What Is The Roman Forum?

Just outside the Vatican’s walls lies the Eternal City of Rome, home to several ancient artefacts, including the Roman Forum. Do you know what it is?

Though exploring Rome’s Vatican City can prove to be an activity that could take months to complete, there is much more that one can do on a tour of the Vatican that takes place outside its walls. One of the very best examples of this is what is known as the Roman Forum, or Forum Romanum.

What is the Roman Forum?

Some may be surprised to find that the sprawl of ruins that lies at the top of Palatine Hill was once the centre of day-to-day life in Ancient Rome. The Forum itself is a rectangular plaza surrounded by the ruins of several important ancient government buildings. The site was originally just a marshy burial ground until it was developed in the 7th century BC, growing over time to become the social, political and commercial hub of the Roman Empire. Some of the events that took place there include elections, public speeches, religious ceremonies, business dealings, buying, trading and more. For such an array of activities, the Forum expanded and developed over time, comprising of numerous buildings to accommodate the demands of the city. Some important buildings to note are; the Senate House, known as the “Curia” which served as the council house for the Roman Senate; the Temple of Saturn, considered one of the earliest temples in Forum, was dedicated to the god of agriculture; the Rostra, a platform which people could stand on to give speeches; and the infamous Temple of Vesta, home to the Vestal Virgins.

What makes the Roman Forum such a keen area of interest for people, is not just how old it is, but its timeline of different eras which is demonstrated through its changing architecture. The Roman Forum was reconstructed many times throughout its existence, and this made way for various forms of architecture from different eras to merge together. Influence from each period can be seen in the design and construction of the buildings. The Romans were influenced by the Greeks in various aspects of life, architecture included, but being advanced engineers the Romans also invented their own design features, such as domes, basilicas, triumphal arches, baths and amphitheatres, as can be seen by structures like the Colosseum and the Arch of Titus. These have influenced many artists, architects and writers throughout history. Italian artist Giambattista Piranesi, for instance, who lived during the 1700s, was known for creating a set of etchings that depicted views of Rome. Famous writer, William Shakespeare also often used ancient Rome as the setting for his plays and other works.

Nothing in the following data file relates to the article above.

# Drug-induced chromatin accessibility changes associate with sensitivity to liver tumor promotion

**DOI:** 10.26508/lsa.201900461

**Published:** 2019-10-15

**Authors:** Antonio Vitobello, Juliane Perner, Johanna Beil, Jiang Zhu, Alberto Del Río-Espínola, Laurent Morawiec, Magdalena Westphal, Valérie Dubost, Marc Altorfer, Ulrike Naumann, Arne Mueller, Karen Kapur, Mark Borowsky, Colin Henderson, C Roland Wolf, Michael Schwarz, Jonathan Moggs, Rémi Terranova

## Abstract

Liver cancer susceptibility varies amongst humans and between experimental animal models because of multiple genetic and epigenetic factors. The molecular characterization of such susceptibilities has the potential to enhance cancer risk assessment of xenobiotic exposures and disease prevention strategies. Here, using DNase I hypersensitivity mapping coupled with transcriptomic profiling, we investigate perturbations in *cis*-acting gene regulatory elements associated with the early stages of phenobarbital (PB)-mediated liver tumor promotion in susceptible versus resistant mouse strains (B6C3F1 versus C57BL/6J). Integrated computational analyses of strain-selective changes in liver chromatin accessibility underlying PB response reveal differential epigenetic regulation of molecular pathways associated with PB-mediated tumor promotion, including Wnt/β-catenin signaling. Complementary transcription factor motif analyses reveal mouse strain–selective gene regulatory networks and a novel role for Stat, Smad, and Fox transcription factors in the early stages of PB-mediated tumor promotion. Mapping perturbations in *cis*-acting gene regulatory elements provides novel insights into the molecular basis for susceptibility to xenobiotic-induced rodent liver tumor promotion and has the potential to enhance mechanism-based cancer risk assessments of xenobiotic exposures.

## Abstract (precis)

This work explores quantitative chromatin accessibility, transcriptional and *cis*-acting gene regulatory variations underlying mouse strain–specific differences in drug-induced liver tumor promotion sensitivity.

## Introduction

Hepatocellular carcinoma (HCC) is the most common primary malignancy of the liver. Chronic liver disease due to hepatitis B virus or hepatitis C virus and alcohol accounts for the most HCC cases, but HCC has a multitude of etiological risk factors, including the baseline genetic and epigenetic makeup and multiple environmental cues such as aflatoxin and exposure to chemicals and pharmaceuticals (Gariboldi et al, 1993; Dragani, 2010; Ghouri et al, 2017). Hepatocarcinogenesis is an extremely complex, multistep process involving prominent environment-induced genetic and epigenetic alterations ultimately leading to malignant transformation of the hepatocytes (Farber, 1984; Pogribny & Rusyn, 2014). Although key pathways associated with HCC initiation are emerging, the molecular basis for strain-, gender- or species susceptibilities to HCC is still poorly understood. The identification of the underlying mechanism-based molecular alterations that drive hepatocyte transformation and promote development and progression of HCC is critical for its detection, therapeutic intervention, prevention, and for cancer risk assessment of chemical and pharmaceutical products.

What happened to the Roman Forum?

Having first been developed in the 7th century BCE, time has certainly taken its toll on this ancient attraction. As the Roman Empire fell into despair so did the Forum. Even before this, however, many economic and political events began to take place in more elaborate structures to the north of the Forum. Its last major expansion took place during the reign of Constantine in 312 AD, to a building called the Basilica of Maxentius. But most of the ancient buildings and sites in the Roman Forum were destroyed in 410 AD, around the same time as the Empire began to collapse. As the district fell into disrepair, the site came to be neglected and overgrown. People plundered it for other, more important constructions. And shockingly, during the Middle Ages, it was reduced even further to a pasture for grazing animals, becoming known as “Campo Vaccino”, or in other words “cattle field”. What’s left behind is a mere skeleton of what this area once was, and yet, it is still one of the most impressive sites in the world. There are countless experiences to be had in the Roman Forum, even to this day.

The Forum was excavated in 1803 by archaeologist Carlo Fea, but took over 100 years to be fully cleared because of the ruins being built on top of earlier ruins. As a result, the remains from several centuries can be found in the Forum. It is home to the likes of the Tempio di Antonino e Fuastina, the temple was built in 141 CE, or the Basilica Fulvia Aemilia, a 100m long public hall that was built in 179 BCE. The district’s main thoroughfare is known as the Via Sacra, and will provide you access to all of the surrounding attractions. You will even be able to visit the Tempio di Guilio Cesare, which marks the spot where Julius Caesar himself was cremated.

The Roman Forum is sometimes overlooked by tourists, but if you’re on a tour of the Vatican City, be sure to set some time aside to visit this exceptional historical destination. The ruins may hold many mysteries, but they also offer unprecedented insight into Roman civilisation.